International students study in Canada hoping to qualify for the Post-Graduation Work Permit Program (PGWPP) after graduation as a pathway to permanent residency. While this is undoubtedly an option open to all international students, specific fields tend to give students a higher chance of getting a job.
As you can probably imagine, skills shortages would motivate countries to encourage qualified graduates to stay. The significant rise in unfilled vacancies in healthcare, social assistance services, and retail has been a concerning issue in Canada.
- Canada is experiencing high job vacancy rates for 2021
- The sectors with the highest job vacancy numbers and rates are retail, healthcare, and social assistance
- International students can fill the gaps by taking short courses for industries with labor shortages and working more than 20 hours a week
Job vacancy numbers
A recent report from Statistics Canada shows an overall drop in payroll employment by 1.6 percent (equivalent to 257,500 in May 2021) from the previous month. Given that the labor market is still in flux, a month-to-month comparison may be misleading. Looking at job vacancy rates for specific industries over several months might be more accurate, from January 2021 to August 2021. I will focus on healthcare and social assistance, and retail which show the highest numbers for that period. I also added job vacancies for educational services with a relatively low vacancy rate for comparison.
The line chart above shows actual job vacancies for three industries, which establishes a trend within each sector but does not necessarily reflect the rates for easy comparison among industries.
Job vacancy rates
The chart below looks at the job vacancy rate, the number of job vacancies as a percentage of demand, or all occupied and vacant jobs.
As you can see, the two charts are remarkably similar in trends, which means that the numbers represent the rates of each industry. When looking at rates, we can also compare each industry apples-to-apples, and the demand for retail workers is rising as more establishments open. Strangely enough, more educational institutions are also opening, but there is no sharp rise in job vacancy rates.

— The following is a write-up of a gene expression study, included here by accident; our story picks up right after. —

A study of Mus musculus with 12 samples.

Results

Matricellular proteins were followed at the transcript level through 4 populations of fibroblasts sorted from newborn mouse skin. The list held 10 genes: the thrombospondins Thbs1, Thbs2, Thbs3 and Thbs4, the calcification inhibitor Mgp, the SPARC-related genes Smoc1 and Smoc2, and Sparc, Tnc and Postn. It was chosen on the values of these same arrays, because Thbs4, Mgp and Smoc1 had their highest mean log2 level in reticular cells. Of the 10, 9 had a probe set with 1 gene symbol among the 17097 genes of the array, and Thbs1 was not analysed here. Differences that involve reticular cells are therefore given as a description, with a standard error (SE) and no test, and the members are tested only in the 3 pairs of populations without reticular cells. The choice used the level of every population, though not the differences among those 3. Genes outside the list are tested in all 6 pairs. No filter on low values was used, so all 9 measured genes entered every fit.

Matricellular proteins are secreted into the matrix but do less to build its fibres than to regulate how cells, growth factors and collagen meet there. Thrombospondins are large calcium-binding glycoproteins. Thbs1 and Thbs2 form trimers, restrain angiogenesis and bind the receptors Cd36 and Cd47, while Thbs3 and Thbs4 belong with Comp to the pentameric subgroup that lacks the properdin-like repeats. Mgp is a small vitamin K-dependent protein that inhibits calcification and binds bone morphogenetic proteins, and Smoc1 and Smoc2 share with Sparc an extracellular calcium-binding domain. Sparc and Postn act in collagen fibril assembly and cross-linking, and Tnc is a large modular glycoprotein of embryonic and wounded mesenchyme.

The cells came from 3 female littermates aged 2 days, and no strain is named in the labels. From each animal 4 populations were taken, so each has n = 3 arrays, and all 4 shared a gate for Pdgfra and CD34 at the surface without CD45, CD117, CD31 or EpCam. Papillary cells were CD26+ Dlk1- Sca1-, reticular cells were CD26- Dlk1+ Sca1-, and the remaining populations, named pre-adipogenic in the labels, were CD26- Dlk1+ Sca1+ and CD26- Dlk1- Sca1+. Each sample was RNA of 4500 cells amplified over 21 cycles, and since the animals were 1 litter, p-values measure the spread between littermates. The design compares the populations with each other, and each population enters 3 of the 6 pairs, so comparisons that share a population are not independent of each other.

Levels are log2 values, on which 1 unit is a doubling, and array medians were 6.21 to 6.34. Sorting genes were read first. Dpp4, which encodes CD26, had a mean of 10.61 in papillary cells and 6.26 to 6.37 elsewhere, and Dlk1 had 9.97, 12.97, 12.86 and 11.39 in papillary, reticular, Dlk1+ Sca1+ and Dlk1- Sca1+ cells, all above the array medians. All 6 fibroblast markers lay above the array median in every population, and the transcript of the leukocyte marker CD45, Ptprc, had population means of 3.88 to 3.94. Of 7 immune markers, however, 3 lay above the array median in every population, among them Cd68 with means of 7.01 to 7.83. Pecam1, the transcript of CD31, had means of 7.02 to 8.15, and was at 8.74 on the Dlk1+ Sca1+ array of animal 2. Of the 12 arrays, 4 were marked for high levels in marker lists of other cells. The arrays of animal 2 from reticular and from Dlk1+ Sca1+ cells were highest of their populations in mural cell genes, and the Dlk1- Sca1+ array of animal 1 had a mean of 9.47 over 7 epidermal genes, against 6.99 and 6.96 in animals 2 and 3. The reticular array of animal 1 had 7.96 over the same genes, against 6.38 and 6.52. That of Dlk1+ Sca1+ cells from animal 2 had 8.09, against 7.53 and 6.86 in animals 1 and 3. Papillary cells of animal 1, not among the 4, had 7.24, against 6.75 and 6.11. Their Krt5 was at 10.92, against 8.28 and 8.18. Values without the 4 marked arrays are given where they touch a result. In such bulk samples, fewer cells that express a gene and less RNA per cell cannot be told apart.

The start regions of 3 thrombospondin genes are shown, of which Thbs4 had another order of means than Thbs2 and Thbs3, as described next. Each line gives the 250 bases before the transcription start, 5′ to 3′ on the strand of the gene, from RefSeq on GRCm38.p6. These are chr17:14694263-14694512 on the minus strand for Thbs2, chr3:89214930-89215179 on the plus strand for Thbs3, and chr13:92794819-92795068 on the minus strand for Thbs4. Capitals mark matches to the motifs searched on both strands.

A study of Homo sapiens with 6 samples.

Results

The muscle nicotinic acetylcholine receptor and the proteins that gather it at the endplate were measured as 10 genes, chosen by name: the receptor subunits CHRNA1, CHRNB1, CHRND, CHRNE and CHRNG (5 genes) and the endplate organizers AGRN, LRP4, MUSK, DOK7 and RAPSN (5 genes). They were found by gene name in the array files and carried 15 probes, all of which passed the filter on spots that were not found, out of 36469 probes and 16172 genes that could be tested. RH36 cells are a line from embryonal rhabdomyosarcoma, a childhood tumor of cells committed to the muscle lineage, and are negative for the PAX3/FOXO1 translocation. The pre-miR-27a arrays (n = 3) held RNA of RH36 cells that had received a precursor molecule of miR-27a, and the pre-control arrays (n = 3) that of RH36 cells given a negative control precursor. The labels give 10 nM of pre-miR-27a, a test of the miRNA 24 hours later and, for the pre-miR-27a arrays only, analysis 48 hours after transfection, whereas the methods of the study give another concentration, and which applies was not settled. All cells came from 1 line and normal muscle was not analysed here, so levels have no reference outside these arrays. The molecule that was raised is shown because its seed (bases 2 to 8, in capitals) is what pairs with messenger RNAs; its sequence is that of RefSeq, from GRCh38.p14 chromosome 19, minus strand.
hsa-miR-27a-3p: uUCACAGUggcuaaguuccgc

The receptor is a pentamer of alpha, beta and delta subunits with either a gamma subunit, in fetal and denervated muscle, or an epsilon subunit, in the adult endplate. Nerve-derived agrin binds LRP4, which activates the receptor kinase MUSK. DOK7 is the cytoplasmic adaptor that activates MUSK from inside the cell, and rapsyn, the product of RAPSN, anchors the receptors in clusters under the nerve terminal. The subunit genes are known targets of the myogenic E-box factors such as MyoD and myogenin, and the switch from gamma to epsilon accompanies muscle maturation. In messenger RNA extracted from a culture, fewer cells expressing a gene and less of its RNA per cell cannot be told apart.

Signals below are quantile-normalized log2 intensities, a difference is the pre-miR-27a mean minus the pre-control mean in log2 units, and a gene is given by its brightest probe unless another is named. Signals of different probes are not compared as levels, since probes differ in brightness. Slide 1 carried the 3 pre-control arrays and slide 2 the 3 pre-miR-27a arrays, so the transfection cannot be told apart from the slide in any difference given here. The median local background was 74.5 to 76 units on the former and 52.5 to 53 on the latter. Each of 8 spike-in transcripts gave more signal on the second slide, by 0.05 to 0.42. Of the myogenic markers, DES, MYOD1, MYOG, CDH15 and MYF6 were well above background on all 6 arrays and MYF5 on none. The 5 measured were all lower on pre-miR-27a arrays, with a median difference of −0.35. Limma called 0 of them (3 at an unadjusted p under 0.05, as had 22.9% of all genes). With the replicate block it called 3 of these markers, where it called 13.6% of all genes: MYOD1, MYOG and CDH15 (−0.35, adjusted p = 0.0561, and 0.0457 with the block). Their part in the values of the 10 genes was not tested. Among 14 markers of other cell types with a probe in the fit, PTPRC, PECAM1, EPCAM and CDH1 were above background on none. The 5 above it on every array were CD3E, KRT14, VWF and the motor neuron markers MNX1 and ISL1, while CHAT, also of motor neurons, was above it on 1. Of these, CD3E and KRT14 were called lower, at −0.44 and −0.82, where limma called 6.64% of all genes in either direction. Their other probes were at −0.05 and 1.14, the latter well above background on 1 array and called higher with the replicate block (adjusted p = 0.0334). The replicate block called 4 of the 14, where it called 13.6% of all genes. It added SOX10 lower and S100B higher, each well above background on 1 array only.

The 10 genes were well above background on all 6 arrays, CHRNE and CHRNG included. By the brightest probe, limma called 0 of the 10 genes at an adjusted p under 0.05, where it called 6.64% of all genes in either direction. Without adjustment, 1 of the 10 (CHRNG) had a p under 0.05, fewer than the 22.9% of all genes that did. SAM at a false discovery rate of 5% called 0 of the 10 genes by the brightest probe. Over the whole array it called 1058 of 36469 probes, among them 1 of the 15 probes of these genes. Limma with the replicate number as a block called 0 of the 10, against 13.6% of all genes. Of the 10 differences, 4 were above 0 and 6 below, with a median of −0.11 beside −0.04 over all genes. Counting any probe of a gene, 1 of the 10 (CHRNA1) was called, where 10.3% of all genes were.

Implications for international students
Given the circumstances, it is perhaps understandable that the healthcare and social assistance industries would experience high demand. While it is understandable, there still needs to be a solution.
One solution is for higher education institutions to open short programs for health care and social assistance for both domestic and international students so they can jump into the gaps as soon as possible. Since international students are more likely to be open to short programs, it would benefit HEIs and specific sectors in Canada to target them for recruitment.
A similar argument may apply for solving the job vacancies in retail as international students are also more likely to work part-time as they pursue their studies. The temporary lifting of the 20-hour per week maximum for international students in Canada up to August 2020 addressed this very problem. However, that accommodation is no longer in place even though the labor shortage is still a problem in that sector.
Overall, job vacancy rates in Canada will probably continue to rise for some months ahead, but especially for the healthcare and social assistance and retail trade industries. The solution is to encourage international students to apply for short courses in these industries and work extended hours. (SUNEETHA QURESHI)
Suneetha has more than 10 years of experience in the international education sector. As president of MSM GMO, she fortifies its business development outreach globally, particularly in the face of MSM’s foray in edtech-based recruitment via MSM Unify. She preserves the premium, value-adding services provided to each GMO partner institution, including dedicated teams on the ground, agent management, lead generation and inquiry management, application pre-screening, and student and parent support through pioneering pre-departure briefing sessions.
She has an impeccable track record of successfully launching the representative offices in Asia and Africa of many North American and European higher education institutions. Her key strengths include hiring, training, and developing teams as evidenced by the successful results of the dedicated in-country college and university client teams.
Suneetha also has taken the lead in developing several initiatives at MSM, including building robust standard operating procedures, the Rise ‘n Shine team engagement platform, and the organization’s data analytics and audit segments.